An Irishman's Diary


Never mind the Catholic-Protestant thing, which is only a distraction. The real divide between two peoples of this island is a far more elemental one. It is rooted in the soil itself, and not even George Mitchell could broker a compromise, writes Frank McNally.

It is, in short, the divide between those who like floury potatoes and those who prefer the so-called "waxy" kind.

I may as well declare my interest straight away here as a member of the floury persuasion. We believe ourselves to be the island's majority community, although in the absence of a referendum this may be disputed. As for the rest of you, we respect your right to enjoy waxy ("soapy" is our preferred term) potatoes, mystifying as it is. We pray that you will see the error of your ways, eventually.

It must be said that, even among the majority faith, there are differences of opinion. As a member of the church of the Golden Wonder, I would almost go so far to say that, for flouriness, the GW is your only man. It is certainly the driest variety. But I know that the Kerr's Pink, the Record, and even the British Queen, all have their enthusiasts.

Whether there are similar differences among the waxy community, I cannot say. Their potatoes all taste the same to us. But if I can make a generalisation about these people, it is that they may not know any better. Some probably grew up during the dark period of the 1970s when Cadbury's Smash appeared to be a breakthrough for civilisation. Others may simply never have experienced the joy of a truly floury spud.

Again, we have no hard data, because the Central Statistics Office inexplicably refuses to include a section about potato preferences on the census form. But there is at least anecdotal evidence of an urban-rural aspect to the divide, with country people overwhelmingly on the floury side and city folk predominantly on the waxy. There is also evidence to suggest that conversions are in one direction only.

Certainly I know few farm-reared people who will admit to enjoying soapy spuds. Yet one frequently meets Dubliners, born and bred, who prefer floury ones. On further examination, it usually emerges that they have spent some of their childhoods in the country: on holidays, in reform school, etc.

The terrible thing is that what I believe to be the majority preference on this island is fast becoming a minority experience. All too often now, consumers are forced to eat the soapy sort, whether they like them or not. Ireland seems to be experiencing a new potato famine, in which the non-waxy varieties increasingly fail to appear in supermarkets.

The choice for floury enthusiasts is stark: take the soap - as it were - or perish. Some of the reasons are economic. According to Teagasc's Tom Maher, Ireland's greatest potato expert (and, it need hardly be said, a floury man), the Golden Wonder is down to 5 per cent of Ireland's total potato acreage and slipping every year. It was fifth in the league in 2005 and is about be passed out by the chippers' favourite, the Maris Piper.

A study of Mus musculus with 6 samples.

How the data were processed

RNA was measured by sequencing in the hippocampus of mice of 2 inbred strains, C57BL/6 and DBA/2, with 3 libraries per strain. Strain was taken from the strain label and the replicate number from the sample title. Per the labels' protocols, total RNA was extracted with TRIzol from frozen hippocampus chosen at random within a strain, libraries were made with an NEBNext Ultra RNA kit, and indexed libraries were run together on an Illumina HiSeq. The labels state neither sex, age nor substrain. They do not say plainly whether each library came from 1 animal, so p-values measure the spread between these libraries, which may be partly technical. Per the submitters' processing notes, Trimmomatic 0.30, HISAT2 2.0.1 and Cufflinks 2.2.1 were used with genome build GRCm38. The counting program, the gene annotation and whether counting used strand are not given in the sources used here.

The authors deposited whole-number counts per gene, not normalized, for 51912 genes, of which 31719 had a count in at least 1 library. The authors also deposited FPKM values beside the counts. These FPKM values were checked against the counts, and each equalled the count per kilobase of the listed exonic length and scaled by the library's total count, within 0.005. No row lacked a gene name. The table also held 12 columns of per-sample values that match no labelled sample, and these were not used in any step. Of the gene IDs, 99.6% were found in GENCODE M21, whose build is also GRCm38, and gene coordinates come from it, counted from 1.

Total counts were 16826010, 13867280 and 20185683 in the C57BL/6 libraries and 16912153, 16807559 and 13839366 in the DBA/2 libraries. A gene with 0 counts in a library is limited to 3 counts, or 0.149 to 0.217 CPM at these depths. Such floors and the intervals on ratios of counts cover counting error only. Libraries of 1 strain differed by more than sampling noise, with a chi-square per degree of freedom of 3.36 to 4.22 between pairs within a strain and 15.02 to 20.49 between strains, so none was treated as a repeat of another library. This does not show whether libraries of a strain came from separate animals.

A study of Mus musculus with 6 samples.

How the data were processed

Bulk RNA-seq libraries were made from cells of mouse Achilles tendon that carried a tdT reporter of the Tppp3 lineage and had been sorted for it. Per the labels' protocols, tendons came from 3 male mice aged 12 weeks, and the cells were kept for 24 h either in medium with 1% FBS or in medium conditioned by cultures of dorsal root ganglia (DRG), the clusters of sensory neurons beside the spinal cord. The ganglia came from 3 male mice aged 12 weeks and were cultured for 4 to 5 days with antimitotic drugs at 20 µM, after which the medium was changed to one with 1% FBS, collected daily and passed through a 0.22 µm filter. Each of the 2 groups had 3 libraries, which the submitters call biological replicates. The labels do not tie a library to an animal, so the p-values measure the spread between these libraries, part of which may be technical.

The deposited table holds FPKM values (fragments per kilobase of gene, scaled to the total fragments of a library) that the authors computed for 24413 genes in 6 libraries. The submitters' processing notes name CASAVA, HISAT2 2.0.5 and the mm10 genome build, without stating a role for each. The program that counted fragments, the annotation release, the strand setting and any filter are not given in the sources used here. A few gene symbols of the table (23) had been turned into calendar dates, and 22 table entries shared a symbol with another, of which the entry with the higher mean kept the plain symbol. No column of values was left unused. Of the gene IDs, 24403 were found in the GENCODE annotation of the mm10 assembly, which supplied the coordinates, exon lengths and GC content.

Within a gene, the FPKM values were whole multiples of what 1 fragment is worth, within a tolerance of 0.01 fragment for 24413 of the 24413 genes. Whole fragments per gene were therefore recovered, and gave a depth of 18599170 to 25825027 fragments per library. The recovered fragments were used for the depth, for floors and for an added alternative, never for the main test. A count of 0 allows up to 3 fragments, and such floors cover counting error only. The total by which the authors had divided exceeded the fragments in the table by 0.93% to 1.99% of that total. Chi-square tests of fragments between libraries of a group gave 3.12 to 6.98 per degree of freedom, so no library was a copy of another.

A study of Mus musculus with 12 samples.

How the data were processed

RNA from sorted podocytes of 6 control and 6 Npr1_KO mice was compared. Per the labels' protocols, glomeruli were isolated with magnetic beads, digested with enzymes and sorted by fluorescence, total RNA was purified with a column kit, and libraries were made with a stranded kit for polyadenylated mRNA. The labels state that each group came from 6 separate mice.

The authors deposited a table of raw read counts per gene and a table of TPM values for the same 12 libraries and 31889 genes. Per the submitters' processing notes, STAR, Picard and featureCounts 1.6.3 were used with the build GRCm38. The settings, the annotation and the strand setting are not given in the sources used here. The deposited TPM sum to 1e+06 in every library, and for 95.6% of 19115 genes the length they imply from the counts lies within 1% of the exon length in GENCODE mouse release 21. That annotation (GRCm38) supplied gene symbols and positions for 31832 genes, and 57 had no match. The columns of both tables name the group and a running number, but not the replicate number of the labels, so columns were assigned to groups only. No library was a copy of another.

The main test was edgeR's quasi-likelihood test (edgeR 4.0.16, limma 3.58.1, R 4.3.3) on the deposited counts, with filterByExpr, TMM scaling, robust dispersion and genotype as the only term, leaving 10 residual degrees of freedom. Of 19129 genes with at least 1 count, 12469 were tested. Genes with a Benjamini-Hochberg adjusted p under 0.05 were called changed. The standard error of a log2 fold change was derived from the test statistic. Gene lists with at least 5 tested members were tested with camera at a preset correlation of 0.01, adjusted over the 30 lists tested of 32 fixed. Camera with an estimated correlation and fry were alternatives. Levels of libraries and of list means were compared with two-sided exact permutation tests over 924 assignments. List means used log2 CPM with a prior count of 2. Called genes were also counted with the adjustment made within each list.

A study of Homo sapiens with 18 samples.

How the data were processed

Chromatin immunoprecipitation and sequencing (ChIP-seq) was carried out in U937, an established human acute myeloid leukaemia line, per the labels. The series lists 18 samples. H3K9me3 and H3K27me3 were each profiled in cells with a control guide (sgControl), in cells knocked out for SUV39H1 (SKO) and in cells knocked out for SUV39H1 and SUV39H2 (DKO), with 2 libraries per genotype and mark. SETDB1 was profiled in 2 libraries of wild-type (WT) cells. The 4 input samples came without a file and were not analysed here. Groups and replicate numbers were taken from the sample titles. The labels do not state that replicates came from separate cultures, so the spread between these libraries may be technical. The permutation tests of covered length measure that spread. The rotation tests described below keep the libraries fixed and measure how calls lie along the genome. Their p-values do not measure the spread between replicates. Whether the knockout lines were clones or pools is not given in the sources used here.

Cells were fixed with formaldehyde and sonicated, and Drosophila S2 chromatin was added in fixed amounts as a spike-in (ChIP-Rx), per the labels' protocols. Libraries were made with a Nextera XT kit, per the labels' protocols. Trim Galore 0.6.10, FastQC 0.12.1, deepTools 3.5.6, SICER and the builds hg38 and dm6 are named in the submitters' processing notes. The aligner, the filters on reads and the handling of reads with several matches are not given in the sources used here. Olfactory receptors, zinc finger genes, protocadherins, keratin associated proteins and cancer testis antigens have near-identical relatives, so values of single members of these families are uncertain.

The GW's problem is its susceptibility to internal rust spot, a calcium imbalance which, when it strikes, wipes out the entire crop. The condition has struck twice in the past 10 years. Once stung, says Tom, a potato farmer will not grow Golden Wonder again.

By contrast, high yield and durability has inspired the relentless rise of the Rooster, which arrived here only in 1991 and is now the top potato. Barely floury to begin with, the Rooster often has to contend with wet soils and over-application of nitrogen. By which time it has invariably defected to the waxy side.

Then there is the contribution of restaurants and their so-called "baby potatoes". These are not babies in the sense that they would ever grow up to be real potatoes, and certainly not floury ones. They are a travesty of the whole potato concept, imported from France, Cyprus and Israel. But restaurants love them, for no better reason than their small, regular shapes that fit easily into saucepans and look cute on plates. "Little balls of soap," Tom Maher calls them, adding that the silt soils they require are not available in Ireland. "We couldn't grow them here even if we wanted to," he says, with undisguised pride.

As it is, the Department of Agriculture preserves about 400 traditional varieties on a farm in Donegal. These include the four Famine-era potatoes: black, apple, cups, and lumper. Separately, Irish Seed Savers have a farm in Clare, to which enthusiasts including Tom make a day trip every summer "to look at potatoes and talk about them".

All the traditional "Irish" varieties - Kerr's Pinks, Arran Banners, Skerrie Champions, and so on - are actually Scottish. Which may be why the Irish and Scots are the only the nations in the world with a floury preference. Yes, Scotland and Ireland stand together in this cause, just as in Braveheart, but this time against a vast soapy conspiracy that stretches around the globe.

Meanwhile, in our midst, the purveyors of wax seem to be multiplying. In my local market recently I was sold organic potatoes that, although of a continental variety (the traditional ones are not blight-resistant), were promoted as "floury". In fact, on the flour-soap spectrum, they almost qualified as toiletries.

If the organic growers

cannot do better than this, we may as well all give up and eat Smash.